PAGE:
By Del Duduit
For 14 laps, he led the most prestigious race in the world.
Zach Veach, a kid I coached in fourth grade basketball, was out in front toward the end of the race.
When it was over, he finished in 15th place.
But from laps 171 to 184, out of 200, he was the leader, and nothing can take that away.
“Took a big gamble and was leading the Indy 500 with 15 to go,” Zach tweeted. “Unfortunately, the yellow we needed was about 15 laps too late. Leading the 500 with a small chance to win was a surreal feeling that has me counting down the days to the 105th!”
He was talking about next year’s running of the 500 miles at the Greatest Spectacle in Racing. I was so happy for him, and I was also frustrated that the pandemic kept me from being there to watch him in person.
A yellow flag was what he needed, but it came a little too late.
Being a leader is something we cannot take for granted.
It’s not a trait that you are born with but is learned over time.
This was Zach’s fourth attempt to kiss the bricks, and he wants nothing more than to drink from the milk cart one day.
What makes a good leader?
And there are more.
Most notably patience.
He mentioned how the yellow flag came a little late. If he had been in a different position and the yellow had come sooner, things might have turned out differently. He may have been in a better position to win. But he learned and gained valuable experience. And he finished the race.
Leaders know their mission. One of Zach’s goals was to lead some laps. Check.
- Great Christian leaders knows their mission and will achieve it. Ronald Reagan is a good example. He had a vision. He was determined to see it happen and refused to be paralyzed by fear. He communicated his goals and how to reach them. In turn, Zach could have let the fear of going 240 mph around an oval track stop him, but he kept going to the end.
- Great leaders take care of the people around them. The Lord Jesus Christ is the best example of this. Many examples of his compassion and care for His children is demonstrated throughout the pages of scripture. Zach also takes care of his crew. He always compliments them and lets them know they are important to the success of the team. From the pit crew to his spotters, he zoomed to the leader board with the help of every member.
- Good leaders are not afraid for others to succeed. They show sportsmanship and congratulate those who do well. In turn, they show they are not threatened by the success of others. They celebrate when those around them succeed. Zach wanted to win, but it wasn’t his day. But he tweeted out a congratulatory message to Takuma Sato, who won his second Indy 500.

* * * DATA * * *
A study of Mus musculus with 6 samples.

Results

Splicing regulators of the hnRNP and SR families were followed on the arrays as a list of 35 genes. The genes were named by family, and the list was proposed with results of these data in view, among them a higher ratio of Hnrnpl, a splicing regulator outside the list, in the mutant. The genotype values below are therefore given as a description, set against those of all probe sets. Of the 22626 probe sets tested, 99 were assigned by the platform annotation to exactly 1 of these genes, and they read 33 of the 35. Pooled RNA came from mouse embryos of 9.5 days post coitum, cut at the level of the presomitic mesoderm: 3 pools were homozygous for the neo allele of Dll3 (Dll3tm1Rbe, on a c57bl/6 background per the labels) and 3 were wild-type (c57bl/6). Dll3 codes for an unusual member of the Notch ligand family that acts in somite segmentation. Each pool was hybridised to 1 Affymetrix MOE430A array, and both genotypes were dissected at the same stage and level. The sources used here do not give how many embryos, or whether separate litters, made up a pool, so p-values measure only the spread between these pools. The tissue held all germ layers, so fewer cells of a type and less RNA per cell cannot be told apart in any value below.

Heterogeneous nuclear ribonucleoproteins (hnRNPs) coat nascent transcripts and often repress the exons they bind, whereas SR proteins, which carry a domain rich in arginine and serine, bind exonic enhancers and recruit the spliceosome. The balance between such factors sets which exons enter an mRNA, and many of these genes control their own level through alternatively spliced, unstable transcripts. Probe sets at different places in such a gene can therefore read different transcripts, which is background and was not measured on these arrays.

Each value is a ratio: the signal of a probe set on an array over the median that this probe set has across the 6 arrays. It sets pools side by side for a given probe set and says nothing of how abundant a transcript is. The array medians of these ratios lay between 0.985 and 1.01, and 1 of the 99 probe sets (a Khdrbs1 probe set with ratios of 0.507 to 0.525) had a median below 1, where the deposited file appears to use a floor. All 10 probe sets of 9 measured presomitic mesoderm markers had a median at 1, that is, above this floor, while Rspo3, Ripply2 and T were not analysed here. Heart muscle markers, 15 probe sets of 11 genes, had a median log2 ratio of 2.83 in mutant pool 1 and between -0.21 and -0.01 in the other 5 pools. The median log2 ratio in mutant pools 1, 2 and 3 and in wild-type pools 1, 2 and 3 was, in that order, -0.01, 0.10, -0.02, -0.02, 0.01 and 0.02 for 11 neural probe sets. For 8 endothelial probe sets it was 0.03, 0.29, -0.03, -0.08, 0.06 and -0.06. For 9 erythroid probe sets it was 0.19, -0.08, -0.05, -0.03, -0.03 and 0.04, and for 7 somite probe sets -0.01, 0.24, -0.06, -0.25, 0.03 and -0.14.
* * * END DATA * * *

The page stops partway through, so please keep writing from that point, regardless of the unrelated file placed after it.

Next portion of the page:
Let nothing [be done] through strife or vainglory; but in lowliness of mind let each esteem other better than themselves. (Philippians 2: 3 KJV)
Good Christian leaders make sure their families go to church on a regular basis.
They set the example and do good even when no one is around to witness.
Good leaders serve others and do not expect anything in return. They truly love and value people and want to help others for the good of the one being helped, not for personal gain.
Good leaders continue to learn. Zach will tell you he learned over the past four Indianapolis 500 races. Each time, he gets a little closer to his goal. He has faith in his ability and his team.
So then faith comes by hearing and hearing by the word of God. (Romans 10: 17 KJV)
Being a leader does not happen overnight. The desire to jump in front is a risk and takes determination.
The world needs leaders and followers. On Sunday, Zach was both. But he’s learning to be a leader.
Del Duduit is an award-winning writer and author who lives in Lucasville, Ohio with his wife, Angie. They attend Rubyville Community Church. Follow his blog at delduduit.com/blog and his Twitter @delduduit. He is represented by Cyle Young of Hartline Literary Agency.
10 thoughts on “A Leader in the Pack”
Amen. Zach didn’t win the race this time. But, his appreciation for others is a great example.
Thank you so much. Del
Thanks for sharing Zach’s story.
Thanks Beckie — we need more leaders.
Zach is definitely an inspiration for all of us, Del! Thank you for sharing his story of leadership and faith.
Thanks — he is a good kid.
Exciting to see your friend and former student athlete do so well!
Thanks for sharing his results and resolve with us.
The biblical encouragement to lead is so very important today, especially in our homes.
Thanks my friend.
This story is an excellent reminder to practice genuine leadership, Del. Loved it!
Thanks Doug for taking time to read.